Written by Winter Trabex.

When Japanese artist Eiichiro Oda decided to make manga for a living in order to, in his words, “avoid having a real job,” he might not have expected to have produced the best-selling, most popular, manga of all time. That manga is called One Piece. It is a story about super-powered pirates fighting unrealistic battles against oppressive world government authorities and their pirate allies. It is a story with many fantasy elements which nonetheless manages to make, in story form, impactful statements about the world we live in today.


The Tenryuubito rule through the world’s far-reaching, ever-present police force simply called kaibun, or Navy. The Navy personnel, who wear hats and jackets with the word “marine” on them, work to carry out the wishes of the aristocracy. This often takes the form of hunting down pirates, who are literally everywhere, sailing about a world where there is far more sea than land.

Many of the pirates depicted in One Piece have what are called Devil Fruit powers. By eating a very rare, not very tasty, type of fruit, people can gain an unknown, unrealistic, often absurd power. These powers range from being able to stretch one’s arms out for a very long distance to being able to turn other people into helpless, obedient toys. Devil Fruit power is what allows the world’s pirates- many of whom are themselves evil, with a few good people mixed in- to contend with the overwhelming, endless military might of the Navy.

The struggle for individual freedom fought between the pirates, who seek to live as they please, and the Navy, who seeks to impose order upon everyone, takes place through several intense, physical fights. In time, the Navy can only contend with the Devil Fruit users by utilizing a natural force called haki, which is a strengthening of one’s body. The clash of those who wish to live in freedom and those who unwittingly create tyranny spirals ever upward into increasingly more powerful battles. Pirates and Admirals rampage through entire cities, destroying away entire mountains over philosophical differences.

At the center of this struggle is a young man named Monkey D. Luffy, who is always called by his last name of Luffy. Luffy makes a determination at a very young age to set out to sea one day- in spite of his grandfather’s wishes for him to join the Navy- in order to live as free as he possibly can. Luffy’s goal is become the King of the Pirates, which can only be accomplished by finding the treasure left behind by the last king, a treasure called the One Piece.

Over the course of eighteen years of publication and 778 chapters, One Piece has become much more about the struggle for freedom itself than about a simple treasure hunt. Luffy, while leaving his home of East Blue, travels to various places around the world where this theme is encountered again and again. In Alabasta, a sand country, he finds that the nation is being politically undermined by a pirated named Crocodile who wants to subvert the country’s friendly monarchy. On Sky Island, which is literally an island in the sky, Luffy finds a man ruling there, after having proclaimed himself as a god. The God, named Eneru, demands absolute obedience from everyone.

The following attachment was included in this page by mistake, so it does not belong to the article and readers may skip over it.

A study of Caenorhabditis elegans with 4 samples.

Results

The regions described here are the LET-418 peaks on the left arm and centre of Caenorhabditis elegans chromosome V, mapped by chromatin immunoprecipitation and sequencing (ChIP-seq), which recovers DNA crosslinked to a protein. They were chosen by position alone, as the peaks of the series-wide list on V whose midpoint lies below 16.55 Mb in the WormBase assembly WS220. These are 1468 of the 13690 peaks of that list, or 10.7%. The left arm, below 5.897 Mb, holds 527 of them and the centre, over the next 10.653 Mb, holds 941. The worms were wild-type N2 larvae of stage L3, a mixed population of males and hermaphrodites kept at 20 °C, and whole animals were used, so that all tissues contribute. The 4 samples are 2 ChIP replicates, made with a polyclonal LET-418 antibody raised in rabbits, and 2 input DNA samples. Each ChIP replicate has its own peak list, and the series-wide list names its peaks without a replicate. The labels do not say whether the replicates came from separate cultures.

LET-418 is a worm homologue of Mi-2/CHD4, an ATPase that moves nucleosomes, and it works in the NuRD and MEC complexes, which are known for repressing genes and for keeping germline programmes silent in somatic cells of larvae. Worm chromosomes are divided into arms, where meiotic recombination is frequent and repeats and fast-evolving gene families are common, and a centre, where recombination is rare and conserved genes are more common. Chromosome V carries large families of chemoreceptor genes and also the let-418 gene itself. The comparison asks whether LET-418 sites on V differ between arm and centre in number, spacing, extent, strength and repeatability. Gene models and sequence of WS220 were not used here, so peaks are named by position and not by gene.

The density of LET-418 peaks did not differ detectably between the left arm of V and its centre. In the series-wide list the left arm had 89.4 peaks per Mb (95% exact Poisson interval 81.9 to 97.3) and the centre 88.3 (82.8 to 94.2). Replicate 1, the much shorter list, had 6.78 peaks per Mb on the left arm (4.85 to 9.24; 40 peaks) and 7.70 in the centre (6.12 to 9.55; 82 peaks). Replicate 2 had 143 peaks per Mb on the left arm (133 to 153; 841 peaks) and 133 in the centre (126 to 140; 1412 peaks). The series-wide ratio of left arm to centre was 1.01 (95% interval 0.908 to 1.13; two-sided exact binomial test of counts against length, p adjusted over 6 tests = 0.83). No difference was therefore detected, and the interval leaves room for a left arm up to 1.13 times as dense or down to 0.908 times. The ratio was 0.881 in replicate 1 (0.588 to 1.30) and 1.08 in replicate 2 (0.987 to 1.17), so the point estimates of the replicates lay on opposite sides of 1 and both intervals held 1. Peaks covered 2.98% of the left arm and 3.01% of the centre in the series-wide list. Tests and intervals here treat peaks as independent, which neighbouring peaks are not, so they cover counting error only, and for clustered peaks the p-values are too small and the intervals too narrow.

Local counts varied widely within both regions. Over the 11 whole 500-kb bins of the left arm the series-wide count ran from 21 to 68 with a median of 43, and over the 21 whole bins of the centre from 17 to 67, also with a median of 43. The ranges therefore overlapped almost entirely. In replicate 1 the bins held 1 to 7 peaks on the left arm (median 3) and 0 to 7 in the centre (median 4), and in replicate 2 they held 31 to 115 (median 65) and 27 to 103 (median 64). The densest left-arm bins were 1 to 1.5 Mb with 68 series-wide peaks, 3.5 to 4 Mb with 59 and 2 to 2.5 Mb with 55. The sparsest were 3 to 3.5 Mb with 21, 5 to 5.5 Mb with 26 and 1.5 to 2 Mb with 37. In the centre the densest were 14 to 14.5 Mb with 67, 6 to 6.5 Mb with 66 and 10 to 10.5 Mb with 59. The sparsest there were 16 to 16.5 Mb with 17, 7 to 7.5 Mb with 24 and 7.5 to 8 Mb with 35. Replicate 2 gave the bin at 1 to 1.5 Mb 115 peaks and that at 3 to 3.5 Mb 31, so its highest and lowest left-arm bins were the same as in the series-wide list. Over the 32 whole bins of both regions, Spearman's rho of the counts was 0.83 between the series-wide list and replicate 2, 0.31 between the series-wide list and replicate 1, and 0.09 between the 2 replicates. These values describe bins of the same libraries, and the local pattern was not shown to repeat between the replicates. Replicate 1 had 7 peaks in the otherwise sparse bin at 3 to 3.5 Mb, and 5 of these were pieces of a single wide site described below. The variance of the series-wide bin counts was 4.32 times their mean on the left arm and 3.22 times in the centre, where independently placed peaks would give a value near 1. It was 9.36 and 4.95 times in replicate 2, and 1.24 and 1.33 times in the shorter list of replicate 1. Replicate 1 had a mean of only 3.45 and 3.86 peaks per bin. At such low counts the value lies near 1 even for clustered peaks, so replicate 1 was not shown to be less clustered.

In Water 7, a shipbuilding town, he finds that one of his friends/crewmates has been captured for knowing too much about the world’s history. The world government fears that this friend, named Nico Robin, might someday uncover a historic weapon that could undo their power. In order to maintain their authority, the government is all too willing to throw human lives away, especially in summary execution. Under the government’s rule, people just aren’t allowed to live their lives in peace so long as even a perceived potential threat exists.

The situation turns around the moment that Robin, who had only gone along with the government’s actions because she wanted to die, suddenly decides she wants to live. Choosing life- when the world government always chooses death- places her in direct opposition to all the aristocrats, all the Navy officers, and all the various people around the world who actively support the government. She doesn’t know this when she says it, of course. She just decides that, when confronted with the sight of Luffy coming to rescue her, she would rather live.

This opposition becomes clearly apparent when Luffy and his small crew of pirates encounter the Tenryuubito at a flesh market where discrimination against fish-men (humanoids who can live under the sea) exists in spades, primarily driven by the aristocracy itself. When the world government official once again chooses death by shooting one of Luffy’s friends, Luffy responds in the only way he knows how. He punches the untouchable man.


The world of One Piece is a chaotic world in which anarchy thrives precisely because intimidation simply doesn’t work. The few pirates who directly challenge the government- those who are not simply content to pillage and plunder- live free because of their strength. Their fearlessness gives birth to their freedom. They are able to live as they do, right or wrong, good or bad, because they don’t fear punishment.

It turns out that great change is wrought very quickly in the world by those who do not fear. The people who decide the future are those who are willing to embrace a philosophy of life while rejecting a philosophy of death. In One Piece, the power of the individual always triumphs over the power of the collective.